How a Single Mother of Four Supports Her Family in a Refugee Camp
Six years ago, Um Ibrahim and her four children fled Syria after escaping war in their hometown of Daraa. The war forced them to abandon their home and their belongings — all that was familiar to them — and head for safety south of the Syrian-Jordanian border. They currently live in Zaatari refugee camp in northern Jordan.
“We thought we would only be here for a short while, until the situation improved,” says Um Ibrahim, reflecting on life in the camp. “But we are still here, staying here.”
How a hobby turned into a livelihood
Um Ibrahim was married 25 years ago when she was just 14 years old. Now, as she approaches 40, she has been left alone with four children to look after. She lost her husband in the war.
As a single mother, Um Ibrahim works in the camp to support her family. She is employed by the World Food Programme (WFP) at one of four Healthy Kitchens, where parents find employment preparing meals that are provided to students at the camp schools.
“Cooking has always been a hobby for me. When I was a young girl, my mother would say that cooking will always be a useful skill,” said Um Abdallah. “I never imagined that one day it would come to mean so much and become the source of my income.”
Her youngest son Abdullah was born in Syria — he was only 7 months old when they arrived to Jordan. Meanwhile, her oldest son returned to Syria after the family crossed the border, and was later able to take refuge in Germany.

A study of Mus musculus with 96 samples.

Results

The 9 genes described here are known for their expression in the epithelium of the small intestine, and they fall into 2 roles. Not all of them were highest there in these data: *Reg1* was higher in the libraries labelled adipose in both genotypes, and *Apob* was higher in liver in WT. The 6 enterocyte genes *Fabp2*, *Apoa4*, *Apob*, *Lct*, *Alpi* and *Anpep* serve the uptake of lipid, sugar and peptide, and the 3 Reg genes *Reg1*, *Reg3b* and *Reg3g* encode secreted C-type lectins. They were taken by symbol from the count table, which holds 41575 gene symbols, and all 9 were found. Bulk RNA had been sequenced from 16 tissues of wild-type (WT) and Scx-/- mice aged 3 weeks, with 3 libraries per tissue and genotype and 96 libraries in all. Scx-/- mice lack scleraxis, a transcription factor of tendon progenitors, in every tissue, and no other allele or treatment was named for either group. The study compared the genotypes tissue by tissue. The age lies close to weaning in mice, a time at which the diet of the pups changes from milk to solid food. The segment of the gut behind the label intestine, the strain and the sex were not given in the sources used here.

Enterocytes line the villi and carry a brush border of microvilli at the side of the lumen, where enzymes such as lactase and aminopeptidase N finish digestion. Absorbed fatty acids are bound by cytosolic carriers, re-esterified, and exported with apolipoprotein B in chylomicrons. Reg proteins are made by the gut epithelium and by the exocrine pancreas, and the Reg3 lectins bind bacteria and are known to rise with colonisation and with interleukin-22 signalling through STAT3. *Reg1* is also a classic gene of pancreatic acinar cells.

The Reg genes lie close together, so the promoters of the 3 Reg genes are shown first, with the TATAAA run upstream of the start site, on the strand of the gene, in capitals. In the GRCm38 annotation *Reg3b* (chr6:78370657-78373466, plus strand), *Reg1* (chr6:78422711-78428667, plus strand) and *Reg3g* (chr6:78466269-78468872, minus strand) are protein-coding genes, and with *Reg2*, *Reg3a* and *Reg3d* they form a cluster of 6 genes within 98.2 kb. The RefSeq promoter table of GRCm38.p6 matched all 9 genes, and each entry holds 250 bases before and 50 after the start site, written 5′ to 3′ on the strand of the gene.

WFP delivers healthy school meals to 20,000 refugee children in all of Zaatari camp’s formal schools through its Healthy Kitchen Project. The project aims to improve health and nutritional awareness while boosting healthy eating habits.
You can see the pride on Um Ibrahim’s face as she explains how the healthy kitchen works: “We include one pastry, one piece of fruit and one vegetable in each meal! We bake the pastries here in the camp.”
Grocery shopping with the blink of an eye
“The food assistance we receive is very good. Without it, no one would stay here. People wouldn’t be able to live,” Um Ibrahim explains. “We buy food through an iris scan machine, which is very easy to use. When we go to pay for our food at the supermarket, I look into a machine that scans my eye and connects to my account. I don’t even have to carry cash or a card anymore!”
“At the beginning of each month, I receive a text message informing me that our account has been reloaded. Each member of my family receives $28.25 per month to buy food and we also receive fresh bread every morning at the bread distribution points in the camp.”
Learning that hope has no limits
Reflecting on the last six years, Um Ibrahim said the biggest lesson she learned is that the human capacity for hope has no limits.
“I am still able to see hope when life feels pretty hopeless. Living in hardship has allowed me to see the good in people and to appreciate the blessings I do have,” she said. “The power of joy, love and kindness give me a sense of hope. Sharing a meal or a hug with a neighbor has been such a powerful and unexpected force.”
Thanks to generous contributions from Germany, USAID and other donors, WFP is able to continue its support to Um Ibrahim’s family and thousands of Syrian refugees like her living in Jordan.